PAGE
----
Dreams, Eternity and the Waking Collector

“Are our waking lives merely insectry, the march of ghouls collecting sensory data that our dreams convert into the product of our lives?”

When I wrote that line back in June of 2012 I was wondering if perhaps the world of dreams was more important, more central to our being, than our waking lives. Could it be that our waking hours are just errands in which we collect the ideas and images which dreams transform into infinite new experiences, free of all limitations except the amount of unique data within them?

In dreams anything can happen. There are never permanent consequences. We are immortal and the only rules that apply do so only in a given moment before we are wrestled into some new kind of logic in the next moment. And yet most people would still consider this to be the inferior portion of their existence, a trivial drama arising out of the clockwork determinism of having a brain.

Some of those who have looked at dreams (Freud, Jung, etc.) have tried to use them as some secret cipher to our waking reality. Some set of hidden codes that tell us what we don’t know about ourselves. And in this idea, the waking life is the more meaningful of the two, and dreams arise just to serve the waking self, but only if one can unlock their mysteries.

Many people believe that lucid dreaming would be an improvement. That by bringing the certainty, absolutism and control of the waking self into the dream reality, they will improve that experience. And once again, the waking reality is seen as superior and its ways more real and true.

My own experience with lucid dreaming, which came about more as a side effect of keeping a dream journal for writing purposes than as something I intended to do, proved quite different. The more control I gained, the more boring my dreams got. But even worse, I began getting caught in these endless dream-within-a-dream traps, and it eventually got downright scary. I took this as a sign of my dream self telling me to keep my fucking ego out if its nirvana.

Our ideas about dreams always place them in some sort of subservient position to waking reality, without ever really questioning that assumption. However I have recently considered another position, one that would make the comparison of relative value between dreaming and waking reality a less relevant question.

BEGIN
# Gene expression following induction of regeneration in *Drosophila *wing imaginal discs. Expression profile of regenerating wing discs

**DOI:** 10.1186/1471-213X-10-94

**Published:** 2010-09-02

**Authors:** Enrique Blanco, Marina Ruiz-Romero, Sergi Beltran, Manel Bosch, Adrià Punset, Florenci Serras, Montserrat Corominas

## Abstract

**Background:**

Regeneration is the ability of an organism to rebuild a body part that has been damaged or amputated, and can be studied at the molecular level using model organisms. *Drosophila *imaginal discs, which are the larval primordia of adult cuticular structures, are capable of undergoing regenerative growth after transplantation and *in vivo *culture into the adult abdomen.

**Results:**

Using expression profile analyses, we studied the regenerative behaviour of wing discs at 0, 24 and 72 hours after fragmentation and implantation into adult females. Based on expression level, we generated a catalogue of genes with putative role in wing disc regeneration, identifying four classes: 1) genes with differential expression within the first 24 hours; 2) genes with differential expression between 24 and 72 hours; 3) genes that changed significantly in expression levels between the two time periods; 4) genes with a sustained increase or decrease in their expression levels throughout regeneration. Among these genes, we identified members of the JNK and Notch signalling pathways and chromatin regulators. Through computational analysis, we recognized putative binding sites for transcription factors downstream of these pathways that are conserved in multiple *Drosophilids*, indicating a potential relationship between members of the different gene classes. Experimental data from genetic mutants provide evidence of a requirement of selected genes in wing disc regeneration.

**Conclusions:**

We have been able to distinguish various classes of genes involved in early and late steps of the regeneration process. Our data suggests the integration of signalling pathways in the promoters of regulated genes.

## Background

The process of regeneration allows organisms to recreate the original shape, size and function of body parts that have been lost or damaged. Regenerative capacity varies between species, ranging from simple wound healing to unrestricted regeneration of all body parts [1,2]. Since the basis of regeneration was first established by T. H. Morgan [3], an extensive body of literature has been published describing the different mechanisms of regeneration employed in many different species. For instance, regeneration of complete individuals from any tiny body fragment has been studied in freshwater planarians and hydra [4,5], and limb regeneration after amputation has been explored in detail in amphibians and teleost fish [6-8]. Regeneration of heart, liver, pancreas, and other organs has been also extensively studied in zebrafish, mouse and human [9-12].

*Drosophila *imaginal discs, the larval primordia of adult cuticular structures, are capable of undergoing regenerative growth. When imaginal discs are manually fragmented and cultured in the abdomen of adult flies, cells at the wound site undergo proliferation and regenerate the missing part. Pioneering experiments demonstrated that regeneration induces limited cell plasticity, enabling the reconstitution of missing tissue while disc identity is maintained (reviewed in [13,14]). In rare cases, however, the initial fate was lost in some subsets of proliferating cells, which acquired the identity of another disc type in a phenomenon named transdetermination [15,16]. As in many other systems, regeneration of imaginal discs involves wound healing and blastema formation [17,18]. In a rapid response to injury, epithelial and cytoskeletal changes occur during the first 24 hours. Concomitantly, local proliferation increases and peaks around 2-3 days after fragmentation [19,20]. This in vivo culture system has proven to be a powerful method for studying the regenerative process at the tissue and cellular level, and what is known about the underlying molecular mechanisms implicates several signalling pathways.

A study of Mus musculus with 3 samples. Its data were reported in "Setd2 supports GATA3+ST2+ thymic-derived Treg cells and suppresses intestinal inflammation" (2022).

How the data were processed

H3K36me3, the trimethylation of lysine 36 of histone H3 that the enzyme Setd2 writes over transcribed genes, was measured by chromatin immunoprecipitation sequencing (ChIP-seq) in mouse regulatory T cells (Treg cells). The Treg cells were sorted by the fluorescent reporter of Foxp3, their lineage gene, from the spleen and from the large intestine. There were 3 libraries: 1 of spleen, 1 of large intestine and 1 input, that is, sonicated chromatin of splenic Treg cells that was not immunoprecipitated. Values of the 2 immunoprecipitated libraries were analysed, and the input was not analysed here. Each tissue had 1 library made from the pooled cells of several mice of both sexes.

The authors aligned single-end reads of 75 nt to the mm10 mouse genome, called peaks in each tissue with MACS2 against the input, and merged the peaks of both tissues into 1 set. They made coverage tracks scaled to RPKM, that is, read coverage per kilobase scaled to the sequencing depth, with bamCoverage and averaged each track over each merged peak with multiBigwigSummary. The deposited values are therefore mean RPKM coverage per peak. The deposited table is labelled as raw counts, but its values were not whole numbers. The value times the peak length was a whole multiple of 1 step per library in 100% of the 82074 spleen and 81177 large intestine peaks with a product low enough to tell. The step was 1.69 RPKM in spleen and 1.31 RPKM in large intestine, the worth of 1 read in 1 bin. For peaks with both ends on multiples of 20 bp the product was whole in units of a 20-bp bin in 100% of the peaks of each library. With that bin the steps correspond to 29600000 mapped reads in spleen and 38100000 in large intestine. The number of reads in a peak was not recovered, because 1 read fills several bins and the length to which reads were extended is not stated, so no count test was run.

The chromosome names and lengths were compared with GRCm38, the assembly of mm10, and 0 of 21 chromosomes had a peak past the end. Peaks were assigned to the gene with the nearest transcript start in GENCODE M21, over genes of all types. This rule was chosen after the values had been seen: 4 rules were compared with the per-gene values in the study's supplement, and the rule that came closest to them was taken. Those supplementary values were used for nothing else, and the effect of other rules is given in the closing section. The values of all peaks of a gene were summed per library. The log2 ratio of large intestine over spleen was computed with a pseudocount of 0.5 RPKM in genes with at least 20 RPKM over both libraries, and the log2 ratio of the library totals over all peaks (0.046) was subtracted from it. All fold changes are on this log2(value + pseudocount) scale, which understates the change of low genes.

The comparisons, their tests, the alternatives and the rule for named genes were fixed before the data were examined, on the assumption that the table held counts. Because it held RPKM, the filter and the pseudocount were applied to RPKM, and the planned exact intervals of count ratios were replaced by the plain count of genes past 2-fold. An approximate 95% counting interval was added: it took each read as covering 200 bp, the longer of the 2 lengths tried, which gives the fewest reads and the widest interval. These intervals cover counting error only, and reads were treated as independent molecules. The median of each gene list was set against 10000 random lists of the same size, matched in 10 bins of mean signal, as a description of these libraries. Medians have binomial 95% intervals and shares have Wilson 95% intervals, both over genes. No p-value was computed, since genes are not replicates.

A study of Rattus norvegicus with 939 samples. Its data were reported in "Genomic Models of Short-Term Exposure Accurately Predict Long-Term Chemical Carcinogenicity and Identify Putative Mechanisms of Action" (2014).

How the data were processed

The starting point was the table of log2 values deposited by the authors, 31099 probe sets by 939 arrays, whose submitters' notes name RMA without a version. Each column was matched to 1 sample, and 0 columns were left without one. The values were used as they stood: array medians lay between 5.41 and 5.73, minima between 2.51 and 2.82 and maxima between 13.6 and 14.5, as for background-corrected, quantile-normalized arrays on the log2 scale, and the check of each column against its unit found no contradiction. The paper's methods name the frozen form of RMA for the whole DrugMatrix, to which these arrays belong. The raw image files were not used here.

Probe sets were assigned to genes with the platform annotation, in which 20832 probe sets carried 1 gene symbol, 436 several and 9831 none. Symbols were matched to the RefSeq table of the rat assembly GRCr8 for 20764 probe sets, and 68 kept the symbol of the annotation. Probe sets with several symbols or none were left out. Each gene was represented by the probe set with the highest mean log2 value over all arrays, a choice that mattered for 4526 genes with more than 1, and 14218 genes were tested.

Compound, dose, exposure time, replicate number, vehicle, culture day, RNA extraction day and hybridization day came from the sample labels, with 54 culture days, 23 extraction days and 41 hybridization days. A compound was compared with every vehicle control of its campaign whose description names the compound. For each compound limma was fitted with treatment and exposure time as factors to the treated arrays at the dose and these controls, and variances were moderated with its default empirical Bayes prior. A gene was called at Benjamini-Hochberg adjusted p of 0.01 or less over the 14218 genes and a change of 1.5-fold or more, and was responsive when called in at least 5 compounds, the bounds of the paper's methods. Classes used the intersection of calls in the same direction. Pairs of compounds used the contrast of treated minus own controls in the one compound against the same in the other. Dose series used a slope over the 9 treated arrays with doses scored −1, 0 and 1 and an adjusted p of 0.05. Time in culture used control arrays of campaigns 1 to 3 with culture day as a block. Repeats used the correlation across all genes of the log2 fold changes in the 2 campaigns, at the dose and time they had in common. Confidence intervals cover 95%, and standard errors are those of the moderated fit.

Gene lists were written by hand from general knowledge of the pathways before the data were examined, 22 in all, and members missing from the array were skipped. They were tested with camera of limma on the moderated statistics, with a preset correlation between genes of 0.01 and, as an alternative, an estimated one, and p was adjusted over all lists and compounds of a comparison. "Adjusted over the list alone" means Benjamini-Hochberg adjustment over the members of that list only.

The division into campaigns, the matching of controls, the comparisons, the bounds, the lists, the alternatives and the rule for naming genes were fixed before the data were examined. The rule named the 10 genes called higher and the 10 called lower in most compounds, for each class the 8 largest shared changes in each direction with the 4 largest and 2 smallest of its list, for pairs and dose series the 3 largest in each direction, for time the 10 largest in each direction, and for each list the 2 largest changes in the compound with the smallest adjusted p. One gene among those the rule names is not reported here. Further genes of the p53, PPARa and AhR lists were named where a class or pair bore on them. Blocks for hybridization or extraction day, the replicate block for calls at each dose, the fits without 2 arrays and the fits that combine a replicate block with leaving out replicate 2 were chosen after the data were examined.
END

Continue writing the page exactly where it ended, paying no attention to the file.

What I am about to discuss is pure speculation. There is no real evidence to support this position, nor do I think there could be. To only think about true things would be to think of nothing at all.

“Maybe your dreams are where you go when you die.”

I wrote that single thought less than a month ago, more as an idea to chew on than anything else. And in the meantime, I have, and the flavors are fascinating!

When I discuss myself, I am referencing myself as a point of awareness. When I discuss anything outside of myself, I am referencing an experience within my awareness. I am awareness. What I am aware of are experiences.

So what happens to my awareness when it is no longer having an experience of being a body in a world full of other bodies and things? Does it go to Jesus Magic Kingdom in Afterlife Orlando, or does it disappear into nothingness?

I have never had an experience of nothingness. Nothingness is an abstraction. It is not linked to the evidence of my senses through a direct experience. To posit a voyage to an unknowable nothingness is just as absurd as one to Yahweh’s Soul Aquarium. Both of these abstractions lie outside of the possibility of observation.

Yet I have had many experiences of my awareness not-anchored to physicality and its apparent rules. I have them every night, and so do you.

Why then would it be less reasonable to suggest that your dreams are where you go when you die than it is to suggest you go somewhere that lies outside of your awareness and its experiences?

I find the consequences of such a possibility fascinating. It would certainly seem to imply a teleology, and give purpose to our lives. Fill them with the kind of things you would want to take with you to eternity. As many of them as possible. If it would seem like hell in death, you should avoid it in life. Seek out those experiences in which the idea is reinforced that existence is beautiful and fascinating, rather than a dull, mundane and a meaningless task of mere survival.

Even if this concept is wrong, that our dreams are where we go when we die, it provides meaning and purpose in life. And even if your awareness ends up in the dark abyss, your life will not have been one.


  1. And in the meantime, all those people hungry for enriching experiences either ignore or leave to others mundane things like washing the dishes, painting bridges, and all those boring maintenance tasks that keep the world going. On the grounds that *their* experience is far more important than everyone else’s, I suppose.

    OK, try another thought to chew on: What if atheists are absolutely right, and there is absolutely nothing after you die? Wouldn’t that make you care a lot more about all the young people that will still be alive when you aren’t there any longer, and less about your selfish wish to enrich the experiences of your own life? And wouldn’t your life be more meaningful if it wasn’t just about you?